The photo binds two women – Elizabeth Haberlin and Lee Parker – in a story that Hogan begins light-heartedly with the frivolous concerns of debutante Elizabeth. Her wealthy family lives near Pittsburgh, and they travel to a lake in South Fork, Pennsylvania, every summer.
The chapters in The Woman in the Photo alternate between the days before and after the Johnstown Flood, “May 31, 1889” when Elizabeth’s story is told, and the “present,” Lee’s time, 125 years later, or about 2014.
Lee sees the old photograph when she turns eighteen, and the state is obliged to open her adoption file to tell her about the medical risks of her Ashkenazi heritage. There in the file is the photo of a woman, her ancestor, standing next to Clara Barton, founder of the American Red Cross. Lee then decides to find her biological mother.
Elizabeth lives in an era when respect for a woman comes from her ability to land a husband of standing. She proves she has the ability with an amusing episode. The young, feisty lady meticulously and cleverly maps out a ruse to win the attention of James Tottinger from England and wipe out the efforts of any other girl vying for his affections.
Author Mary Hogan uses identical phrasing when describing both young ladies in their separate times. They share the same physical attributes. Neither is a morning person. They have the same thoughts: “It’s more than any eighteen year old should have to bear.” They close their eyes to enjoy the fresh air blowing about them on the train.
Such a technique seems obvious at times, but Hogan leads us to an unexpected place, the place where Elizabeth and Lee’s connection is revealed, and most interesting of all, what separated them in the first place.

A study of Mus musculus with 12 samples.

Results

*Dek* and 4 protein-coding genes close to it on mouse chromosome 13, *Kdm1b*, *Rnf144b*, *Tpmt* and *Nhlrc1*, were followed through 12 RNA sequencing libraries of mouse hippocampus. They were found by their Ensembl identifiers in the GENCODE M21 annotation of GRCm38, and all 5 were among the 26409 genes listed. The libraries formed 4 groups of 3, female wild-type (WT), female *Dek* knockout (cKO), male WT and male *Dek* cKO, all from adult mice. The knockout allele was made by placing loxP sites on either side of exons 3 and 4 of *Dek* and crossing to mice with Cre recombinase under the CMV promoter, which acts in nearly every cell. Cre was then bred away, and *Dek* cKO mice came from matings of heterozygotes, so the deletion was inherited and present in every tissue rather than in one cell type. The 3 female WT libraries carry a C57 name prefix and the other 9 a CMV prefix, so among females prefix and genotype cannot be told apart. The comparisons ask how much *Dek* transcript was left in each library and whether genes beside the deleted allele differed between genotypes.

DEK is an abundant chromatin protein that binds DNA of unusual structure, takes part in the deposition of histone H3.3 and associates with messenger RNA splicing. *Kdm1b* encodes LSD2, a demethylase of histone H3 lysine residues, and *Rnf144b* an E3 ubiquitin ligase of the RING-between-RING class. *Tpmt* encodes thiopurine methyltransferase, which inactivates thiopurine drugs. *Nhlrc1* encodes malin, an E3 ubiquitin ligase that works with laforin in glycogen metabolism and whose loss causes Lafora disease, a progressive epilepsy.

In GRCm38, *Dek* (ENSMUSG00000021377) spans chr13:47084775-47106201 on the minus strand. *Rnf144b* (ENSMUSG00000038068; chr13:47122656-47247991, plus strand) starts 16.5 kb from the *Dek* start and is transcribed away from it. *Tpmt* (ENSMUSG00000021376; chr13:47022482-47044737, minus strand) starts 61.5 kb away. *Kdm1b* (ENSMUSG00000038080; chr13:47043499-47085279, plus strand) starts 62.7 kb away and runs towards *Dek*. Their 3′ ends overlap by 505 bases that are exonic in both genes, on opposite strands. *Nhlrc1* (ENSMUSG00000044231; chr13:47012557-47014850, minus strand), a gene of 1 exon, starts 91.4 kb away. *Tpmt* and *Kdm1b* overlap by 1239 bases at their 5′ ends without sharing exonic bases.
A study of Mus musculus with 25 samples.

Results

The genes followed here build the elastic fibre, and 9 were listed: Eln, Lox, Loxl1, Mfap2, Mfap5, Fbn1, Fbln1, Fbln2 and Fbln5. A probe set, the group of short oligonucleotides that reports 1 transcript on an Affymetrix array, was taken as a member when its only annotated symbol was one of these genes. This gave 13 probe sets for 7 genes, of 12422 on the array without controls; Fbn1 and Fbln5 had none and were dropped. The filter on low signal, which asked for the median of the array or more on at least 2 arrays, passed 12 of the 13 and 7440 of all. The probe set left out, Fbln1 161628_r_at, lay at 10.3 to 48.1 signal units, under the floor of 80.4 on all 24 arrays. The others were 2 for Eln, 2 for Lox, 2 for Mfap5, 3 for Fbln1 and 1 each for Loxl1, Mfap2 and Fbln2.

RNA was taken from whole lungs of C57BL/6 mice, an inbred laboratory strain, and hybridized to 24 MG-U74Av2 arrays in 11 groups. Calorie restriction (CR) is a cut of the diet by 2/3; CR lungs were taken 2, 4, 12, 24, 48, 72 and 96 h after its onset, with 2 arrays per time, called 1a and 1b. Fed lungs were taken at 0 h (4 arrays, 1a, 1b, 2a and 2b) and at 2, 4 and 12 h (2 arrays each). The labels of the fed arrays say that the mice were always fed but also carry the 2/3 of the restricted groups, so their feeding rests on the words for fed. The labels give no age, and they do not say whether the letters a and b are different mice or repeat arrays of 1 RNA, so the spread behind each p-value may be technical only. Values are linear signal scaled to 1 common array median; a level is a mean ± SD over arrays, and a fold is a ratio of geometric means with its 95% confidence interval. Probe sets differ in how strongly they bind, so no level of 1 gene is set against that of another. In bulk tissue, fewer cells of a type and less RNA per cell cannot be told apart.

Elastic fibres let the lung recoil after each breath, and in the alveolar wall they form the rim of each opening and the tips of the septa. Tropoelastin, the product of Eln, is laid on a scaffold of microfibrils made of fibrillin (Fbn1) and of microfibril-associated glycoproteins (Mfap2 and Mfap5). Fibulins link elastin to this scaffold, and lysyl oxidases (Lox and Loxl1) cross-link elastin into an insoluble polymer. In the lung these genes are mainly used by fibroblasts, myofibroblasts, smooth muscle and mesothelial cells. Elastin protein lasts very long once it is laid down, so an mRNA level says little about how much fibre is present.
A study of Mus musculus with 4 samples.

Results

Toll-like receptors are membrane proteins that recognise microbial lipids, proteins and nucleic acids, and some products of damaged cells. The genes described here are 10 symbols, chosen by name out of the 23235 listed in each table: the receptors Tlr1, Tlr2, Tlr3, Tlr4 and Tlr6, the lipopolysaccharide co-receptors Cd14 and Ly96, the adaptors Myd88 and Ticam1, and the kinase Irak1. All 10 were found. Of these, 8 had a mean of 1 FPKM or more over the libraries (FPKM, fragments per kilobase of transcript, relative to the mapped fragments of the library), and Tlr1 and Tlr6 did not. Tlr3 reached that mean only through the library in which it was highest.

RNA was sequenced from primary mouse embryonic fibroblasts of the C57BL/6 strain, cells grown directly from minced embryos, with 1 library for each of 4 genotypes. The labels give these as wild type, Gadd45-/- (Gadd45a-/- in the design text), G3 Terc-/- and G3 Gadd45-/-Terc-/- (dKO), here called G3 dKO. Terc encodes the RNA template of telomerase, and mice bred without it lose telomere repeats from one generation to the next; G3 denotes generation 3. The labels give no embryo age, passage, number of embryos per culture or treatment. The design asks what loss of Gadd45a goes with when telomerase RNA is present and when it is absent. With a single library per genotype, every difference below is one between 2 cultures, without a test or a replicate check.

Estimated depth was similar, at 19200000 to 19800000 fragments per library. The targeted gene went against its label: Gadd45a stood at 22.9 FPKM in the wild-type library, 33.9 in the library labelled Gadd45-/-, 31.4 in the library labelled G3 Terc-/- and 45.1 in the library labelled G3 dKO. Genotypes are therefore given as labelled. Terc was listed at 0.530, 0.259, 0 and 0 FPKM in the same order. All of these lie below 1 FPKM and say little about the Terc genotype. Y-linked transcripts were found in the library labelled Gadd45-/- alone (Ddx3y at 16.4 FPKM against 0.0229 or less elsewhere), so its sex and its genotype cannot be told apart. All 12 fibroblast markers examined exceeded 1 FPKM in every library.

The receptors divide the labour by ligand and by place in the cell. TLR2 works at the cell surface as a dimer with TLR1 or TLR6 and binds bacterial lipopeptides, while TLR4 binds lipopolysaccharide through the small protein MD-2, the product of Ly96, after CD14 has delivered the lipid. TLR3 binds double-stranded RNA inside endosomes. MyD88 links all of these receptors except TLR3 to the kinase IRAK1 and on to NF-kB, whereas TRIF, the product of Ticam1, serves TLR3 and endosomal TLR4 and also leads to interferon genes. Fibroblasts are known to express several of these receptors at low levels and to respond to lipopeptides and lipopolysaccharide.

The heroines are strong women. They follow their own path and listen to the voice inside of them, two key messages of the book. Another message goes directly to adoptees: “Birth is not destiny. You must create a destiny that is yours. Uniquely yours.”
Another strong woman in the story is Clara Barton, a personal hero of mine because she gave herself completely to the needs of others affected by disasters, and shattered obstacles that might have prevented her from eventually founding the American Red Cross. Though I knew I was reading fiction, the details about Barton’s childhood that shaped her future and molded her tenacious spirit pulled me deeper into the story. She was there, of course, following the flood that occurs when the lake spills into Johnstown, the event that directs the futures of Elizabeth and Lee’s lives.
Hogan dedicates her novel, The Woman in the Photo, to “the resilient people of Johnstown, Pennsylvania, past and present.” Actual historical photographs provided by the Johnstown Flood Museum Archives, the Johnstown Area Heritage Association and the National Railroad Museum lend credibility to the story and clarity to the reader’s ability to envision it.